Does it matter if a person believes in life after death? That is, does it matter if a person lives in a way such that it is impossible to tell from her or his actions whether she or he truly believes in life after death? (This post builds on the previous two posts about the meaning of belief and of life after death.)
The Apostle Paul’s conviction of life after death gives evidence of a courage and boldness that result from his conviction. The same qualities are evident in the lives and deaths of many martyrs, both Christian and Islamic. Careful analysis of the factors that led to the death of many martyrs exposes a misguided religious fervor, e.g., the martyr who chooses death rather than step on a cross and the martyr who chooses to die in a suicide bombing in order to kill many enemies of the faith.
Conversely, Stoics and others (e.g., Marcus Aurelius and Bill Lawrence (a U.S. POW in Vietnam inspired by Stoicism) exhibited the same qualities of courage and boldness as religious martyrs. Buddhist monks who set themselves ablaze to protest injustice do so recognizing that their act may incur negative karma and will certainly not help them end their participation in the cycle of birth, death, and rebirth.
In other words, my studies of religion and history makes it difficult to identify any unique quality or character trait associated with a conviction in life after death.
In seminary, one of my theology professors found my lack of firm conviction about the reality of life after death troubling. He pushed me to explain how people faced with unfairness in this life (e.g., the chronically ill, the economically exploited, and the politically oppressed) could have hope unless these people could believe that God would set things right through judgment after death.
The professor’s line of reasoning has remained profoundly unsatisfying to me for more than thirty years. I cannot escape nor silence the insistent, reverberating counterpoint to my professor’s position of Marx’ critique of religion as the opiate of the masses. Too often, people in positions of power have used the promise of future rewards to pacify those of whom they sought to take advantage. Too often, religions, and especially Christianity, have emphasized acceptance of present difficulties as the will of God in preparation for the glorious reward of heaven.
Future rewards, even when pictured in conjunction with the future punishment of evil doers, does not cancel the unfairness of this life in which some very good people – good by almost any standard – enjoy multiple comforts and luxuries and other very good people – good by the same standard – suffer multiple discomforts and harms. Presumably, both can expect the same reward, for both exhibited the same goodness. The converse is also true. Some evil people live enjoyable lives while others live miserable lives. Why should they expect different punishments? In biblical language, the rain falls on the just and the unjust. What happens in the future cannot undo what has happened in the past or is occurring in the present.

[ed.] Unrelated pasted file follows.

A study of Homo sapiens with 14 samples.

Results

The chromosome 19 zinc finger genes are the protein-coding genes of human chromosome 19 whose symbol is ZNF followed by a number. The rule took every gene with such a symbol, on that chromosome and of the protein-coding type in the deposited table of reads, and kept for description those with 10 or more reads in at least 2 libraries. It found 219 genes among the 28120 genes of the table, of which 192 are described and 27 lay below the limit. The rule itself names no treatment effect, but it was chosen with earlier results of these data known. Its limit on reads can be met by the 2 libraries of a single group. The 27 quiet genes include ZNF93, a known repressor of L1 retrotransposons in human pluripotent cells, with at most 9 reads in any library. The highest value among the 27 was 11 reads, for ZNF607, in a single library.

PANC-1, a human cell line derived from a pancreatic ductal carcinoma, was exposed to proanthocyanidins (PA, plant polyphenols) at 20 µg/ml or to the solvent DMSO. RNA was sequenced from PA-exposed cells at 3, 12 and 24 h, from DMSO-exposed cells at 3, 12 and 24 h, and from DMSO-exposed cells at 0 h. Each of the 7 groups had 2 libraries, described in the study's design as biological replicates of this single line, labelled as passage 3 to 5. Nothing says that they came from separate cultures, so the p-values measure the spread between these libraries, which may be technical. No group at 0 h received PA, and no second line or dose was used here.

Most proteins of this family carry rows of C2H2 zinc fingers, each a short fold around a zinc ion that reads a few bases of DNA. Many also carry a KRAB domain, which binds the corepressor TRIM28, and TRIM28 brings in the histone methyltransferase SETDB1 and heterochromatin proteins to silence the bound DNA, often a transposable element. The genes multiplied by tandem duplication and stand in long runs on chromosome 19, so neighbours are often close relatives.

Finally, no way exists for anyone to explore what happens after death and then to report to the living on that experience, if indeed there is any experience at all. The reports of near death experiences by people, while suggestive, also seem very culturally conditioned.
Scripture similarly represents an unverifiable witness and raises the question of which religious tradition’s scriptures to accept as authoritative. Accepting the Christian scriptures as authoritative because I am a Christian begs the basic epistemological question of why I accept the Christian scriptures as authoritative and reject other scriptures. Most people inherit a religion by virtue of their birth rather than making a free and equally informed choice among the various religions – if such a choice is even possible. The strongest epistemological approach is to seek common ground among the world’s religious traditions. Sadly, common ground does not exist with respect to their teachings about life after death.
The Apostle Paul clearly acted as if confident of life after death because of his encounter with the risen Christ. However, some interpretations of the resurrection do not necessarily entail belief in life after death for all of God's people. And as I will argue in my next blog post, Paul was wrong when he maintained that if there is no resurrection of the dead that Christians of all people are most pitiable.
In sum, a Christian’s attitude toward and ideas about life after death seem unimportant because they rarely alter how a Christian lives his or her life today.
Jesus gave those who would follow him two great commandments: love God and love others. My love for God prompts me to desire to be with God and to entrust my future to God. That is sufficient for me. My love for my neighbor prompts me to work for justice and peace in this world and to hope for the best for my neighbor in any life that may follow this one.
What then does the traditional Christian proposition that only the saved receive eternal life mean? My fourth and last post in this series on the meaning of salvation addresses that question.